Matter of Course: Healing the Planet through Creativity and Imagination
Workshop course teaches students to help ecosystem through art
CUST-ERST 2114 Workshop: Ecological Art
Dr. Jessica Marion Barr, Cultural Studies and Bachelor of Arts and Science (B.A.S.)
When you think about environmental remediation, which disciplines come to mind – engineering, chemistry, environmental sciences… visual arts? Trent’s Dr. Jessica Marion Barr is showing students that art can have a significant impact on restoring damaged ecosystems through a new Ecological Art course.
“I was keen to expand and share my own ecological art practice and to introduce students to some of the history and techniques of environmental art,” she says. “Ecological art is a genre or artistic practice that aims to preserve, remediate, or draw attention to pressing environmental issues.”
Combining theory and practice
Professor Barr’s inspiration for the new course came from other hands-on workshop art courses offered through Trent’s Cultural Studies program. As a studio art course, CUST-ERST 2114 Workshop: Ecological Art includes robust historical and theoretical components.
“We examine histories of environmental or land art up to more recent ecologically sensitive activist-oriented art that involves remediation and drawing attention to pressing environmental issues,” explains Prof. Barr. “On the practical side, we spend a lot of time outdoors salvaging or foraging for different materials and then working together to process them.”
The art is not restricted to drawing and painting. It also involves weaving or textile art.
“We sometimes joke that this is literally a basket weaving course,” she laughs. Joking aside, the stitching is both literal and figurative. “While we work, we are weaving into these processes a much deeper and more profound kind of thinking around relationships between humans and environments, Indigenous knowledge, and the conceptualization of human nature.”
Using art to control invasive species
The course reflects Trent University’s broader inter-disciplinary mandate by incorporating research on issues such as climate change, bioremediation, and invasive species. Invasive species – especially plant species such as buckthorn – is a big local environmental issue.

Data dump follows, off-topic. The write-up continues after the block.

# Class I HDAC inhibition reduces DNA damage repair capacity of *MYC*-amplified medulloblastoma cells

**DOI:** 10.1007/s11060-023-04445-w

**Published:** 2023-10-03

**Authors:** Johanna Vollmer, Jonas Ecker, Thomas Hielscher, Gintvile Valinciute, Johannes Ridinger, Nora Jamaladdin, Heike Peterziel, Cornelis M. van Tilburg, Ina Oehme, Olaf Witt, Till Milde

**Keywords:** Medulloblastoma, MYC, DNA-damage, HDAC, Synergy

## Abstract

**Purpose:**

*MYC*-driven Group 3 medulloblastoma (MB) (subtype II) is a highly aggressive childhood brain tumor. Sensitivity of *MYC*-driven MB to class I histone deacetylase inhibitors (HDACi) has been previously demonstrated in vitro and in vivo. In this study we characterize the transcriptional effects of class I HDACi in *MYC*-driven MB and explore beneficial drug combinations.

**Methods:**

“Buckthorn grows everywhere in Peterborough, so we harvest it and make it into an ink or dye, and then the students work on drawing and painting using the inks they’ve made themselves,” says Prof. Barr.
Changing thinking, world views, and perspectives
Students in the course report a profound impact on their thinking, skills, and approaches to creativity.
“The course has opened me up to so many new artistic practices and ideas I would not have been exposed to otherwise,” says Simone Zhu, who is going into her second year of a joint major in Cultural Studies and Sustainable Agriculture and Food Systems. “I think my biggest takeaway would be that art, as small-scale ecological interventions, has a role to play in the imagining and creation of a society that lives as an integral and regenerative part of the environment.”
For Harper Caldwell, a second year International Development Studies student interested in human rights, the course provided new insights into global activism.
“Before starting this class I had a very narrow perspective on what activism looked like, mainly having experiences with demonstrations, blockades, political action through contacting local and federal politicians, signing petitions, and donating money and resources to various organizations,” she explains. “This course showed me that art can be a powerful form of activism without being inherently political, and often more accessible to a wider audience.”
Harper’s project focused on the pollution caused by the influx of personal protective equipment during the COVID-19 pandemic. She created a dress made out of discarded masks – a statement piece that attracted coverage by her local newspaper in Kingston.
“I had never thought of myself as an artist,” adds Sandra Kasturi, another student in the course and Trent employee currently pursuing a second degree, this time in Indigenous Environmental Studies and Sciences. “I took the course mostly because I thought I would enjoy it and to further my degree, but Prof. Barr and the course have changed the way I look at the world, which is amazing.”